Just a month ago it seemed impossible. The Tories were inevitably headed towards a stonking election victory. There was even talk of their mandate eclipsing Tony Blair’s landslide 1997 win. They were 23 points up in most polls and were riding high. Tonight, that lead fell to single figures.
It represents one of only a few times since the Labour Coup last year where the gap between Labour and the Tories has fallen below ten points.
YouGov polling today shows Labour on 35% with the Tories ahead on 44%. The same polling organisation found Labour on 32% and the Tories on 45% just two days ago. A week before it measured the result as 31% to 49%.
The numbers are truly staggering and show the speed at which Labour has made a dent in the Tory lead. Within a week their lead has halved and at this rate Jeremy Corbyn may well find himself walking into Downing Street on June 9th. With current shifts in polling the lead might close within a week. A fact that will undoubtedly unsettle the Tories.
The Tories’ lead has begun to evaporate following an embattled week for Theresa May and a buoyant week for Jeremy Corbyn. Labour’s manifesto leak generated a large amount of media coverage. Which, despite hostility from the tabloids, increased exposure of Labour’s universally popular policies. Meanwhile Theresa May came under attack from previously loyal journalists like Adam Boulton.
Mr Boulton, a reporter for Sky became furious at the degree to which Sky had been excluded from May’s campaign. He complained that they’d been excluded from meetings and refused access to interviews with ministers. This message was then echoed across the media, with stories emerging of restrictive conditions at May’s rallies.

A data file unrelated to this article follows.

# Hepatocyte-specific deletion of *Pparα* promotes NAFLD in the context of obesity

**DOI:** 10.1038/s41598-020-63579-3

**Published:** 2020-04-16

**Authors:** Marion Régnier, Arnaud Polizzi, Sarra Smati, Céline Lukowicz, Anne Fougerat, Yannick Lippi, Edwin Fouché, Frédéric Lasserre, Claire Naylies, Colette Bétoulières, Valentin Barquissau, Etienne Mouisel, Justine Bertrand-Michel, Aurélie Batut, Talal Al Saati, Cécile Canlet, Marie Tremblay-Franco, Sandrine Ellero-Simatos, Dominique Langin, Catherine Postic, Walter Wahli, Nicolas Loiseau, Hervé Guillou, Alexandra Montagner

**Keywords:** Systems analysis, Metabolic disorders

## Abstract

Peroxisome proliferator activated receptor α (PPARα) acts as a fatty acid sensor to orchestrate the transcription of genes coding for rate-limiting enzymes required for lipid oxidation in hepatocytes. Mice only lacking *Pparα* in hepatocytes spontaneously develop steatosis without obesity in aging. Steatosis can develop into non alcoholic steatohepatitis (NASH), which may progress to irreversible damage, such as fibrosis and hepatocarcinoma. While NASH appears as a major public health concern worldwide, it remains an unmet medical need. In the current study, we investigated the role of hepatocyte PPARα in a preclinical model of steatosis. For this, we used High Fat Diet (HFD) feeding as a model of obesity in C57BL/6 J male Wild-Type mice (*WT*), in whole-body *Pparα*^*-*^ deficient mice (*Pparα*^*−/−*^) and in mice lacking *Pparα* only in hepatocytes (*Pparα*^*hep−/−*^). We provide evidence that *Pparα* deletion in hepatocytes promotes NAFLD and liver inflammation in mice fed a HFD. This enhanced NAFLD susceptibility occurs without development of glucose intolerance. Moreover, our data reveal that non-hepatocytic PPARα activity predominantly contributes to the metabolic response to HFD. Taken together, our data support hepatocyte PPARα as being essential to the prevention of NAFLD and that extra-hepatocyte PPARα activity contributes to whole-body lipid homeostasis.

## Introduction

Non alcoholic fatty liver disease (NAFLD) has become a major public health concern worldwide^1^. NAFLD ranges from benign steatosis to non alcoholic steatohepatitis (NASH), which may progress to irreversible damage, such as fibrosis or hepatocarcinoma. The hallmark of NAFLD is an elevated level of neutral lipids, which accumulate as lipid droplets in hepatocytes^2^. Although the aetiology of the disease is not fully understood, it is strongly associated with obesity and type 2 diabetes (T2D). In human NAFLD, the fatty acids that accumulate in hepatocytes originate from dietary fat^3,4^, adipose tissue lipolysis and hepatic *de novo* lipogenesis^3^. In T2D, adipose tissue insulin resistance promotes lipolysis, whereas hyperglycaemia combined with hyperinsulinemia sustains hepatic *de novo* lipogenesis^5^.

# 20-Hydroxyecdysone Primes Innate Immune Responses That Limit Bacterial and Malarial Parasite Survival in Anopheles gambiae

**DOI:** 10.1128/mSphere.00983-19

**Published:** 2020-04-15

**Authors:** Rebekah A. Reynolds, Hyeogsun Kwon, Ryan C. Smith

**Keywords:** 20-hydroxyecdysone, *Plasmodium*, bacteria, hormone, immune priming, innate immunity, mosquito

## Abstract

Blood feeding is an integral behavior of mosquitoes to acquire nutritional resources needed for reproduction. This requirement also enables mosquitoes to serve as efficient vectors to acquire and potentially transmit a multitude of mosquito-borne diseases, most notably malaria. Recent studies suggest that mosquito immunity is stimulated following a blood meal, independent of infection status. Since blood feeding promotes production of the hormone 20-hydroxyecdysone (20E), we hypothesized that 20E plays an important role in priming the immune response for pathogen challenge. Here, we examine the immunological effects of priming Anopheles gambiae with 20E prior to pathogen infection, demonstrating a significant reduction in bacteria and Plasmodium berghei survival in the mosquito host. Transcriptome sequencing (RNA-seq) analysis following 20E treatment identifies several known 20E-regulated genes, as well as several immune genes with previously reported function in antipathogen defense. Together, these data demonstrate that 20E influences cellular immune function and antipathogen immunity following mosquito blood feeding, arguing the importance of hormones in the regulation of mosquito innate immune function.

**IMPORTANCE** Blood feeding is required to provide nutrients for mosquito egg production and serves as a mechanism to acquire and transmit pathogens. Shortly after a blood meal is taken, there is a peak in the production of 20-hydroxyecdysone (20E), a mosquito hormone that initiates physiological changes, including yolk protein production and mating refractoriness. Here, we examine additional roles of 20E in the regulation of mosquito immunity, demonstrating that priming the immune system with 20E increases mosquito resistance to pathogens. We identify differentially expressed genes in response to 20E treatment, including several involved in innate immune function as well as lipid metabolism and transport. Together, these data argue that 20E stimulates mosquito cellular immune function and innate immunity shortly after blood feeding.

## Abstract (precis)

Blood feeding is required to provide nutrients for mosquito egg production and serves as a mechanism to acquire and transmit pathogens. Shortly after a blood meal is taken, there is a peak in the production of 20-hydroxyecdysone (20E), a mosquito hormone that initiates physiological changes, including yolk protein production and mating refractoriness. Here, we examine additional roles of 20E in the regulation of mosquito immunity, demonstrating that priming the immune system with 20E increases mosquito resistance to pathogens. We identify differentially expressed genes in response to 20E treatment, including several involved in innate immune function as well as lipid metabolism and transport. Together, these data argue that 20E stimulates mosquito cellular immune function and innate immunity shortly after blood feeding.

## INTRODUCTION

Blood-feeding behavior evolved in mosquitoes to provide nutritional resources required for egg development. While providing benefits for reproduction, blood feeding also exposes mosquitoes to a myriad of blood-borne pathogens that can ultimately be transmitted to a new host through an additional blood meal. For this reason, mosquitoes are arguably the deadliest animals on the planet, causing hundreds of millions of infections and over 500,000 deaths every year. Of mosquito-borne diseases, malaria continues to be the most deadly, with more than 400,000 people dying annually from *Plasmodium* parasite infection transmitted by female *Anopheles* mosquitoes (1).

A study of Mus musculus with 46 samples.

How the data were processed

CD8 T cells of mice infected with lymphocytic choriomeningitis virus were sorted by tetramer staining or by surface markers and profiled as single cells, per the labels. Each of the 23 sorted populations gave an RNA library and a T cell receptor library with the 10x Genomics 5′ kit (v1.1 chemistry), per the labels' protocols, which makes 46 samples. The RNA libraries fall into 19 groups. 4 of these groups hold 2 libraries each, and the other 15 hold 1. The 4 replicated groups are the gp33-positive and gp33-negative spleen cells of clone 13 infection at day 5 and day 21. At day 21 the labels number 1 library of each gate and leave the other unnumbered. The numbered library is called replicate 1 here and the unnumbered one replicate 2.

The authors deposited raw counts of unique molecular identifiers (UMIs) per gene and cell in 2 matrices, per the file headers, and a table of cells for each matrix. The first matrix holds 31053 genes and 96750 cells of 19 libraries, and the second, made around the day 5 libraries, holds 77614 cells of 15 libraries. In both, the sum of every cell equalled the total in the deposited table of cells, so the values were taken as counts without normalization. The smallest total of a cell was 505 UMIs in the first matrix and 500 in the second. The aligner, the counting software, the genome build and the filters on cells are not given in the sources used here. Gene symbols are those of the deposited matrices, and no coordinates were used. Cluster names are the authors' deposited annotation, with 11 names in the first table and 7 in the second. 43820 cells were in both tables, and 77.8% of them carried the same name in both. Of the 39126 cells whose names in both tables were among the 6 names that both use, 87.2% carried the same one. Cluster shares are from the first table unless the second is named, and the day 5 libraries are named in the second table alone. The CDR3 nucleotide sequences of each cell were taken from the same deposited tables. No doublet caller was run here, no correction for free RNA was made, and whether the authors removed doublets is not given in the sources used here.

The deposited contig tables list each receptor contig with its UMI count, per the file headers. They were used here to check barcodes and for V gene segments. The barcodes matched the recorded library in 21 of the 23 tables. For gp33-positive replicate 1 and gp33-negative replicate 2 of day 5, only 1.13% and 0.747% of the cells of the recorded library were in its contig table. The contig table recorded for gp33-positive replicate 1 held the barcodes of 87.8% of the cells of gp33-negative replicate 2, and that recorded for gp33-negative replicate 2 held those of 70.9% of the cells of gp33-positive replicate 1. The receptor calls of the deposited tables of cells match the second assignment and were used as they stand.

This combined with a disastrous manifesto launch which saw the Tories arrogant manifesto attack many of their core supporters. Those swing voters who will be essential to an election victory will almost certainly be put off by the Tories’ vicious attacks on pensions and social care. These cuts will also likely undermine the Tories vote share with their elderly base, a group who are significantly more likely to vote.
Whilst the release of the manifestos certainly provides more reason for polling to change than usual, this doesn’t mean that the campaign is over at a 9-point lead. With the upcoming leader’s interviews providing a chance for the British public to see the humanity of Corbyn and the emptiness of May there is certainly reason to believe there is still change to come.
In discussing the EU referendum, I always made one thing clear. In the final weeks of the campaign, the Leave camp had the momentum, they were the ones gaining points in polling and in tight campaigns that is vital. It energises supporters, empowers politicians, and pushes people to work on every single vote. Labour currently has the momentum, the Tories believed they could win an election with no effort, let’s prove them wrong.